Americans like their guns. Some of this interestin guns derives from television programs and movies where cowboys, policemen and bad guys are wearing their guns with delight and regularly firing at each other. Regular encounters with these images is among many reasons that you will find so many American gun owners who very much enjoy firing them on hunts or at shooting ranges. The piece of information not fully communicated to these many gun users is that the individuals shooting guns on television and in motion pictures most likely wound up deaf, or suffering from severe hearing disabilities.

Noise-induced hearing loss (NIHL) accounts for a large percentage of hearing disabilities in today’s world. The harm done to hearing by loud sounds has two main types – damage caused by transient high noise levels, such as explosions or gunfire and damage caused by sustained high noise levels, such as heavy machinery sounds.

Noise levels are measured on the decibel scale. Zero decibels is total silence. A whisper is around 15 decibels. A normal conversation is around 50 to 60 decibels. Note that the decibel scale is a log scale. 50 decibels is twice as loud as 40, and 60 is four times as loud as 40 decibels. Extended exposure to noises in excess of 90 decibels can lead to permanent, NIHL within just a couple weeks. Hearing damage can also occur in a much shorter time (minutes) from encounters with much louder noise levels, for instance the 120 decibels at near a jet engine or rock concert. A typical gunshot has a volume of 140 decibels.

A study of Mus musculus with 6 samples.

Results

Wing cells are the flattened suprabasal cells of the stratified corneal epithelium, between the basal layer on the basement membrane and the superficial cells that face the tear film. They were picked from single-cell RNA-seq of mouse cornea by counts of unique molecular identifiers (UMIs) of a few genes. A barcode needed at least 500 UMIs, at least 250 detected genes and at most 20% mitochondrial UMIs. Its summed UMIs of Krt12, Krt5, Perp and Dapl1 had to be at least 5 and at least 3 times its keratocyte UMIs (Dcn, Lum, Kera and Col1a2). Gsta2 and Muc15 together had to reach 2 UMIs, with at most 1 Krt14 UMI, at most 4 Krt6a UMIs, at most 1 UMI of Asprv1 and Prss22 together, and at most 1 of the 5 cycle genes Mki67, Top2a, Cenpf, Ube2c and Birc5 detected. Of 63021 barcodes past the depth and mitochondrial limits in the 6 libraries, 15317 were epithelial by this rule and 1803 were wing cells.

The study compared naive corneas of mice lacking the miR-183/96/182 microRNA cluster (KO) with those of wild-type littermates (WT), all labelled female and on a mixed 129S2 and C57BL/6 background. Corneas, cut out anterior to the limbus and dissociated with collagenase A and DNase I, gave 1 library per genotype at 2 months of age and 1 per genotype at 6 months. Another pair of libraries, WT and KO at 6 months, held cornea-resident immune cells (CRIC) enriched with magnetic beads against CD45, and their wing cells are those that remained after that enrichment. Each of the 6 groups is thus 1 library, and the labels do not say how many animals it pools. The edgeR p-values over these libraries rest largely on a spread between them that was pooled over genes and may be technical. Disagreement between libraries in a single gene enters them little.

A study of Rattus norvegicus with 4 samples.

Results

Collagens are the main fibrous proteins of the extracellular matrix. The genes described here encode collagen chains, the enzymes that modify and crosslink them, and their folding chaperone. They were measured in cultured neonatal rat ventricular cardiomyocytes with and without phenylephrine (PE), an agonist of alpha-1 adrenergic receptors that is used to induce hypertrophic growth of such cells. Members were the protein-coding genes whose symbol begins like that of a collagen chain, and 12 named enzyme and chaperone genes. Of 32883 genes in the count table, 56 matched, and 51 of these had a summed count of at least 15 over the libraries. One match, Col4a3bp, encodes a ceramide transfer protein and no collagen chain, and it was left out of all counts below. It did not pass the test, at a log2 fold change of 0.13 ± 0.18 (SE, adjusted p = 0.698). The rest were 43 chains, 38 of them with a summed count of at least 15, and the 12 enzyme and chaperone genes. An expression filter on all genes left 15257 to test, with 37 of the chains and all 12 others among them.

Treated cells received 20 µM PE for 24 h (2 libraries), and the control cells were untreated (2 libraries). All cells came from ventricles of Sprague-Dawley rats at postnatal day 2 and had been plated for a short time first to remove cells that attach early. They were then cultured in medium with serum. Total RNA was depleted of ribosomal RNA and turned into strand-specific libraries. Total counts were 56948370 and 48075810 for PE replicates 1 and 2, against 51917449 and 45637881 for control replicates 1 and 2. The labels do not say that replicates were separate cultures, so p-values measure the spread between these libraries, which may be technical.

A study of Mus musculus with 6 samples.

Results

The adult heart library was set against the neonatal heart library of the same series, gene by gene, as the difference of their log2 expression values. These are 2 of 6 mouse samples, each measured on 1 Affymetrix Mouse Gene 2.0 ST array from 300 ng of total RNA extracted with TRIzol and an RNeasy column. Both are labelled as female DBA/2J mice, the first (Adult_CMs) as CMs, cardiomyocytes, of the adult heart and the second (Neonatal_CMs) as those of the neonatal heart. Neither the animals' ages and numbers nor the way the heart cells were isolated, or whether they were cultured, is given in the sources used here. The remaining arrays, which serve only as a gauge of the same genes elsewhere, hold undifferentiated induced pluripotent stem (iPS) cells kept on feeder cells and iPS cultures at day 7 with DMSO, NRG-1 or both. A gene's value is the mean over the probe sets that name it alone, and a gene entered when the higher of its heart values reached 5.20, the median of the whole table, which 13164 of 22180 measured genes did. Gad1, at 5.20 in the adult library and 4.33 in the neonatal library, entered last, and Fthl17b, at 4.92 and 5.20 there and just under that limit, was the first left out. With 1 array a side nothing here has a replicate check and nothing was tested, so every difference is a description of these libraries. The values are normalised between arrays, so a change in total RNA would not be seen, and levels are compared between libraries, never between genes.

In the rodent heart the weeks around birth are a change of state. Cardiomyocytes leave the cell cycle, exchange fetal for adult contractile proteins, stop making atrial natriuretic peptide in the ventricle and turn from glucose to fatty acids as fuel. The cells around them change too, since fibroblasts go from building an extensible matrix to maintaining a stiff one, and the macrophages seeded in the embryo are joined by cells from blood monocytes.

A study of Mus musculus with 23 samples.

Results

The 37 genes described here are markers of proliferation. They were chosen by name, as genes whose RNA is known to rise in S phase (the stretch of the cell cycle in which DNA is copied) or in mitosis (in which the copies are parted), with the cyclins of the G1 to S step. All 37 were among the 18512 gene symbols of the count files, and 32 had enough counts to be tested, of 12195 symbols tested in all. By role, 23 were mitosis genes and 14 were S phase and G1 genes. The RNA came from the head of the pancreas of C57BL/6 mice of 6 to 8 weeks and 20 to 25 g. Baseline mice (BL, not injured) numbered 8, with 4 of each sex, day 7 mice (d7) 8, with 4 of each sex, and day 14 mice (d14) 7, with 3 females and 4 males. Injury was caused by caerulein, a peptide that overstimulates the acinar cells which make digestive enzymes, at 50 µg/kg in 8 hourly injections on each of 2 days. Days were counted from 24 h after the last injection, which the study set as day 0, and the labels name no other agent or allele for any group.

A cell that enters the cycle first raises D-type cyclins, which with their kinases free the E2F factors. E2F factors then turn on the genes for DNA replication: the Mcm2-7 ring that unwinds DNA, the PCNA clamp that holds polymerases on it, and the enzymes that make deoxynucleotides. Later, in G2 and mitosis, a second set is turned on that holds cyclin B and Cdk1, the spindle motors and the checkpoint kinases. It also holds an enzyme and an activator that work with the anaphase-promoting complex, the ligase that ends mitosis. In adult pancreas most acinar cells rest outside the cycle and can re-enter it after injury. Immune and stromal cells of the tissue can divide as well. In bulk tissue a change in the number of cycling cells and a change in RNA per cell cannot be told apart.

Irrespective of how they might feel about guns, there is one subject on which gun aficionados and hearing professionals concur – no one should be firing guns without wearing hearing protection. Picking out the proper ear protection depends on the type of shooting you plan to do.

For those who normally fire guns at ranges, the best hearing protection is the “muff” headphones which fit over the ear, because they keep the gunfire sounds from reaching not only your inner ears, but the cochlear bones behind them. The over-the-ear muff can be paired with foam ear plugs for added protection. Many range shooters will choose in-the-ear foam plugs with a Noise Reduction Rating (NRR) of 30 or more to use with their muffs. At the high end of the price range you will also find electronic noise-cancelling headphones engineered especially for shooters, which are pricy but which will offer the highest levels of protection. Electronic noise-cancelling headphones offer the added benefit of allowing you to hear normal conversations while cancelling out the transient sounds of gunfire.

If you enjoy firing guns, before you next visit the firingrange, talk to your hearing care expert about ear protection. And always bear in mind, hearing protection won’t do you any good, at home, inside your bag, or hanging around your neck. You need to wear it at all times around the shooting range.